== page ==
Patients with poor intestinal function who cannot be maintained on intravenous feedings are potential candidates for transplantation. Sometimes, most of the bowel has been surgically removed to treat the intrinsic disease. This produces ‘short-gut syndrome’, which is the most common cause of intestinal failure. Sometimes, the entire intestine is present, but it is unable to absorb enough fluids and nutrients.
Intestinal rehabilitation is the first step to ensure that all possible remedies have been tried. This includes a multidisciplinary approach to patient management involving the expertise of nutritionists, pharmacists, gastroenterologists, pediatricians .
Common indications for intestinal transplantation include:
- Short-gut syndrome caused by volvulus, gastroschisis, trauma, necrotizing enterocolitis, ischemia, Crohn’s disease¸ radiation enteritis
- Poor absorption caused by microvillus inclusion disease, secretory diarrhea, autoimmune enteritis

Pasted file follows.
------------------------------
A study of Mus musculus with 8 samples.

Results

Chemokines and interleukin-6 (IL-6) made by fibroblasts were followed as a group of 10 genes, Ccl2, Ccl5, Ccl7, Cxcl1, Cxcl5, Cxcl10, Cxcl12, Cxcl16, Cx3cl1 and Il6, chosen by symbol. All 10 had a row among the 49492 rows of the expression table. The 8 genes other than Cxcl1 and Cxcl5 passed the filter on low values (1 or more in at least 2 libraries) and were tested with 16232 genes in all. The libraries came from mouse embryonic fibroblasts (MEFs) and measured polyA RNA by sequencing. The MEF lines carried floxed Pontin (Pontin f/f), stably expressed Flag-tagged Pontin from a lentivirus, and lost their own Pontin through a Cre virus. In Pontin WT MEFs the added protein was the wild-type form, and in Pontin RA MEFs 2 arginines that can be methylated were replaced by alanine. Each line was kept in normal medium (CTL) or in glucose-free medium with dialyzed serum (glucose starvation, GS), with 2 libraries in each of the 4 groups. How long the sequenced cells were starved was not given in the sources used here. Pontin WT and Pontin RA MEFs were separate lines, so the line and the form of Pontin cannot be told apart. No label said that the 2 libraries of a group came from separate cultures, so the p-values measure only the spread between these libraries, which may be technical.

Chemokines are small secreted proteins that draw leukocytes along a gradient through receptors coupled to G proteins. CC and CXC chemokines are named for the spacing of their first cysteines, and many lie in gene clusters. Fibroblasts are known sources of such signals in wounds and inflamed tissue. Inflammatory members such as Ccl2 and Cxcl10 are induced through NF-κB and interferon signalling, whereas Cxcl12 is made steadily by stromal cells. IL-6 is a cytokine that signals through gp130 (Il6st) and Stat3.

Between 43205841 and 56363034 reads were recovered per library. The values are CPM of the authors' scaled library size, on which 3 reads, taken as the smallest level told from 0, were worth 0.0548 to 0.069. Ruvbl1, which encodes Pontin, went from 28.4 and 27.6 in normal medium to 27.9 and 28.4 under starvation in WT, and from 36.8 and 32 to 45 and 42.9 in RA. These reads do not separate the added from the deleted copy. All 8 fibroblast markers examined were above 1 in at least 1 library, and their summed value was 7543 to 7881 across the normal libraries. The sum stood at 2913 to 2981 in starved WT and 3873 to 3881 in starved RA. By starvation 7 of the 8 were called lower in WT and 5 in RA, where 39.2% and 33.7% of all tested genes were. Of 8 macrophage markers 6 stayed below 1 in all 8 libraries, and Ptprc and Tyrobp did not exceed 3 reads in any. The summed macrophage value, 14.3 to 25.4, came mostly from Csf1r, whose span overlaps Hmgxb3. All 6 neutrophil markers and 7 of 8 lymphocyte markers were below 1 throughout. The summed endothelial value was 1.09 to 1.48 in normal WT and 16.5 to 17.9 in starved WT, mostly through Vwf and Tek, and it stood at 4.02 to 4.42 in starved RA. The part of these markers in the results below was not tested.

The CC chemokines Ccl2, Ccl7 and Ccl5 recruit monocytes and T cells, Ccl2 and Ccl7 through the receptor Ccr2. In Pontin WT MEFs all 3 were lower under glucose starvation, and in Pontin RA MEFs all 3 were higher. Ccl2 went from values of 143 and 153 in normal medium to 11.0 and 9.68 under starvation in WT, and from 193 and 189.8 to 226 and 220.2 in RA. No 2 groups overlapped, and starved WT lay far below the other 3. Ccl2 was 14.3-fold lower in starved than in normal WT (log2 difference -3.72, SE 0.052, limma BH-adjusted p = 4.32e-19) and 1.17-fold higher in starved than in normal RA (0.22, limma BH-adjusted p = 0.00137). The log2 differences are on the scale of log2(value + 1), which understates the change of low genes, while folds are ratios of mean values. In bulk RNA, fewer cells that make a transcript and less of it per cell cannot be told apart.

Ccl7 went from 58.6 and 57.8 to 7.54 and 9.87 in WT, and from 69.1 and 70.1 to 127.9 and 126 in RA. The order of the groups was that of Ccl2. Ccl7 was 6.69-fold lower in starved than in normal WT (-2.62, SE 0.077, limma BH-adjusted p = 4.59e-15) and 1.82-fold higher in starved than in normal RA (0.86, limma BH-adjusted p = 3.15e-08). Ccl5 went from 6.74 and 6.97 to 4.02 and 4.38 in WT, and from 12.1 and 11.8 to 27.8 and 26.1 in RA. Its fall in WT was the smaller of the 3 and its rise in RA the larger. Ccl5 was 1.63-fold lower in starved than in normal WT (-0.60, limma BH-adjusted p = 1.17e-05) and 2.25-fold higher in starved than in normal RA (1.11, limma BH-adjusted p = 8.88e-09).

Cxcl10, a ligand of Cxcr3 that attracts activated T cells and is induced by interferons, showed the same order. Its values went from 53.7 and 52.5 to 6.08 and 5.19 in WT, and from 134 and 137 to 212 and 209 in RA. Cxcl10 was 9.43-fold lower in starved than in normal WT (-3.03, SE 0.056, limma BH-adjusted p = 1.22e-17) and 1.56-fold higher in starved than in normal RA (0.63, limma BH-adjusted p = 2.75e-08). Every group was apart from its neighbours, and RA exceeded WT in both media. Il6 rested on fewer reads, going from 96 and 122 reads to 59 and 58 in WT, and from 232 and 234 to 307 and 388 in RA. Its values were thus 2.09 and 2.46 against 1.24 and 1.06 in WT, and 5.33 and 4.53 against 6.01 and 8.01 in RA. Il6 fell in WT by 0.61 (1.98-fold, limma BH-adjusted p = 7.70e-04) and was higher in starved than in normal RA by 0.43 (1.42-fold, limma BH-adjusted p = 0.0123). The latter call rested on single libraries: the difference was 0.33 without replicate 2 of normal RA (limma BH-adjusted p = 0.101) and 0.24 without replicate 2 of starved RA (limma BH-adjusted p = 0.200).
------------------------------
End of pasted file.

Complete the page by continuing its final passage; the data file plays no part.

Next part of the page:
- Poor motility caused by pseudo-obstruction, aglionosis (Hirschprung’s disease), visceral neuropathy
- Tumor such as desmoid tumor, familial polyposis (Gardner’s disease)
Most children and adults do well on total parenteral nutrition (TPN), and transplantation may not be indicated for these patients. In some of these patients appropriate managements and intestinal salvage operations like exploration and adhesionolysis and STEP procedures can restore intestinal integrity and lead to good absorption. Transplantation, however, is a potentially life-saving option for patients with intestinal failure in whom salvage surgery has failed or who cannot tolerate TPN. Because patients’ survival rates are better after isolated bowel transplants, this is the preferred type of transplant. Combined intestinal-liver transplants or cluster transplants are options for patients who developed liver failure on TPN or for patients who have large, local tumors that can only be removed by removing several organs.